Travel Photography: How to Keep the Dignity of Your Subjects

As exciting as travel photography is, there’s a way to approach and protect the dignity of your subjects.

I’ve been exploring the world for the better part of four years. Being able to combine photography and travel is a dream come true for me; discovering new lands, cultures, and experiences is fantastic. But as I leave my world and invite myself into the world of others, there are certain measures I take to be respectful – especially in countries less privileged than mine. Sadly, I see many photographers fail to apply the same approach, and whether they realize it or not, the dignity of their subject is often lost.

I love photographing people; I always have and I always will. Whenever I’m home in London, you’ll find me on the streets creating candid images, very rarely engaging with the people I photograph. Abroad, however, my approach is slightly different. This is to ensure I show no disrespect to the people of the country I’m visiting. I want to preserve their dignity and prevent them from feeling like a novelty. Here are some ethics I live by, and I encourage you to do the same.

Travel Photography and Children

In normal circumstances, I’m all for photographing children. Of course, you have to ensure you do not intimidate them, but for the most part, children are curious creatures and make great subjects. But in poorer countries, children are sometimes taken out of school and used as props so their families can earn money. While in Mexico, I saw an American photographer pay a mother some money to photograph her child. Like a little trophy, the child stood in front of the camera and did as she was told. Never one to keep my mouth shut, I asked the American woman if she realized that by funding the mother, she was ensuring her child did not go back to school. Her response? “It’s not my problem, and she[‘s] so cute she makes for a great photograph.”

Yup, a young child, reduced to being nothing more than a nice photograph. It’s arrogance and ignorance on the woman’s part, and she is by no means the only one. I ask, beg even, that you do not do the same. Have some respect for the poor children that are not afforded the same education as you – have some respect for yourself.

That’s not to say you should not photograph children at all. There are plenty of happy children, living good lives that you can document. But it’s always a good idea to converse with their guardian before you start taking the shots.

Learn Basic Language and Converse

I strongly suggest you learn at least a basic level of the languages in countries you visit that don’t speak English as their first language. Do not expect them to adapt to you in their country. No no, you adapt to them. It’s important to speak some basic language is so you can converse with them. Many people in poorer countries have less education about the world. When they see you, or a group, coming towards them with cameras at the ready, it can make them feel uncomfortable.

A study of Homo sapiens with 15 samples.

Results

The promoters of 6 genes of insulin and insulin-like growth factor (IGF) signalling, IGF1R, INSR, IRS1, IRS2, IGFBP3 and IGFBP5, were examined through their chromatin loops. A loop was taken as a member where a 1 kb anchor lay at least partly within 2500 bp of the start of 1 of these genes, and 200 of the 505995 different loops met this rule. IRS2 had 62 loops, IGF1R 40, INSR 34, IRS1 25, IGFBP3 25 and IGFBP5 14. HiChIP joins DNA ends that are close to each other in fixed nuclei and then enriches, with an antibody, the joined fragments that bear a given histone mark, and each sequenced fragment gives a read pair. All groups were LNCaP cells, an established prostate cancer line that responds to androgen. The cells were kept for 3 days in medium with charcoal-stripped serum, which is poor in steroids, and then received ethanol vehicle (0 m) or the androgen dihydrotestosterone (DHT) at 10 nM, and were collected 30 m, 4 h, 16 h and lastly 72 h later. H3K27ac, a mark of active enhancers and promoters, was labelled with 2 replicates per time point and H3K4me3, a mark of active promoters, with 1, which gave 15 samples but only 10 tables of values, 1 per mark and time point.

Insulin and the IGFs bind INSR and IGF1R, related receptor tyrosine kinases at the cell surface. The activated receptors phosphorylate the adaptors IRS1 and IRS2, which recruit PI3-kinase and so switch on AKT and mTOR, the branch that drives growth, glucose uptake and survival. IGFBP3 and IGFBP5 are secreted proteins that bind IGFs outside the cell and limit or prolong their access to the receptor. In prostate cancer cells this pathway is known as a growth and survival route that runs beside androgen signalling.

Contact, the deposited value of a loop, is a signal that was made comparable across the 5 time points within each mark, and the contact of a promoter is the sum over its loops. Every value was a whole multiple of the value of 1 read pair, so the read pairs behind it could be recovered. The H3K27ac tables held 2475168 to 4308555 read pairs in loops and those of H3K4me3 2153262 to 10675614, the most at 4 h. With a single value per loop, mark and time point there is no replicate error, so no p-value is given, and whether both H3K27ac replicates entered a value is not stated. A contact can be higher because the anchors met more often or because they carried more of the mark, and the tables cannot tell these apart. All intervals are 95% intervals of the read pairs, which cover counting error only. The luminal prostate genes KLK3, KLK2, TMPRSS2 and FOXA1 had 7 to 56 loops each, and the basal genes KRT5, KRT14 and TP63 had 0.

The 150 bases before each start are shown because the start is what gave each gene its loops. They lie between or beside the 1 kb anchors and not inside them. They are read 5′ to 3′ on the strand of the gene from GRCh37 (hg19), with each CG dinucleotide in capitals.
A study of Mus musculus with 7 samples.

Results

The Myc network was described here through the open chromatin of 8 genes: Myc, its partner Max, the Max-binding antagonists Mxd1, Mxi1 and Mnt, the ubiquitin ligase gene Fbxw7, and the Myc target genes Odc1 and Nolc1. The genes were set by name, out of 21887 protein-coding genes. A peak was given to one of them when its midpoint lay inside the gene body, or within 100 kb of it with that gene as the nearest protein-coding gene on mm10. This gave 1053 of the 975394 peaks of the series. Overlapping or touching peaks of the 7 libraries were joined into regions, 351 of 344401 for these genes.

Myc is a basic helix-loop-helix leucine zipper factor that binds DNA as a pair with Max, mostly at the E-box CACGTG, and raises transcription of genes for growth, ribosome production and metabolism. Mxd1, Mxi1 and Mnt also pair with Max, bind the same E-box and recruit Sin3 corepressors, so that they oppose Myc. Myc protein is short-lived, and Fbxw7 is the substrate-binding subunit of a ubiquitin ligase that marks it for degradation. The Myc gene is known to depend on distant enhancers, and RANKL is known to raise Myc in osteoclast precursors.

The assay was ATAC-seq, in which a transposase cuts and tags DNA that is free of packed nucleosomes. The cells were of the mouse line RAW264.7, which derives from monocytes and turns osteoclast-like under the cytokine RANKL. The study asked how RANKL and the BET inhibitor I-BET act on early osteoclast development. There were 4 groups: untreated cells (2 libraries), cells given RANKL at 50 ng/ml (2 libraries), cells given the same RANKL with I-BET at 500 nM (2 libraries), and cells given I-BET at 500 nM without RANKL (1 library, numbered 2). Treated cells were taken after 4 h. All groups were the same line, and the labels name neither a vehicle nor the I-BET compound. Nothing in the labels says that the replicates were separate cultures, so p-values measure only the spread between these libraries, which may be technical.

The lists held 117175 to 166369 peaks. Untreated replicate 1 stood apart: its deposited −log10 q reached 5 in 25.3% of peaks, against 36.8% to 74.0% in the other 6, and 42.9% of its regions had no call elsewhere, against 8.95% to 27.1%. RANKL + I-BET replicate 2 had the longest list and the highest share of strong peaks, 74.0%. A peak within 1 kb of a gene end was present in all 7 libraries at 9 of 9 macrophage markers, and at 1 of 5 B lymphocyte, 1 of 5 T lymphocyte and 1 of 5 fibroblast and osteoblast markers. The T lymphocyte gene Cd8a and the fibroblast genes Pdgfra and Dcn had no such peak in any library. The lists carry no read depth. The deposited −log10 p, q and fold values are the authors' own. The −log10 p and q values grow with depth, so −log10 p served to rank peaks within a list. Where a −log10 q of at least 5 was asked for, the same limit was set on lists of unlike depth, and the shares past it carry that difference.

I know this because I’ve spoken to many locals on my travels. I remember one family telling me they just felt like a novelty, an attraction people would visit, when the reality is, they were just in their home living their lives. Again, I’m not saying don’t photograph: of course, you should. But it will go a long way if you can introduce yourself, explain what you do, and that you would like to make photographs. Say it in their language, and you will see a warm reception, I assure you.

Sample Some of That Food You’re Photographing

In Western culture, where most food is a chain supply and heated in a microwave, the process of creation isn’t very exciting. In countries that are more traditional, you’re often going to see the process from start to finish. It’s exciting seeing people prepare food in an authentic, fresh way. You smell the flavors, feel the textures, and connect to the love put into making a local dish. The chefs want you to taste it; they want you to understand the culture. Don’t just walk by, have a try! You will show far more respect if you photograph the process and then take a seat and enjoy the food. The relationship between you and the subject will be so much deeper, and it shows a huge amount of appreciation for their livelihood.

Final Thoughts

I’m unsure if there’s a slightly judgemental tone to this piece. I don’t mean there to be. But after four years on the road and witnessing the arrogance of some photographers, it starts to break a person down. I don’t claim to be an angel – I’ve made mistakes – but I’ve learned from them quickly.

If you have a camera and can travel, you’re one of the lucky ones. It’s a lifestyle many of the people you photograph on the road don’t even bother dreaming about because it’s that unattainable.

So when you visit other countries, please don’t assume it’s yours. It’s their home, their culture, and their way of life. Take some simple steps to show that you recognize and respect that. You’ll feel much better about the photographs you make, and most importantly, the local people will feel so much better about you making them.

The lead photo was taken in Agra, India. The two photographers took a photo of the young child and passed on by, offering no food or help.

Dan Ginn

Dan Ginn is a content writer and journalist. He brings with him five years' experience writing in the photographic niche. During that time he has worked with a range of leading brands, as well as a host professional photographers within the industry.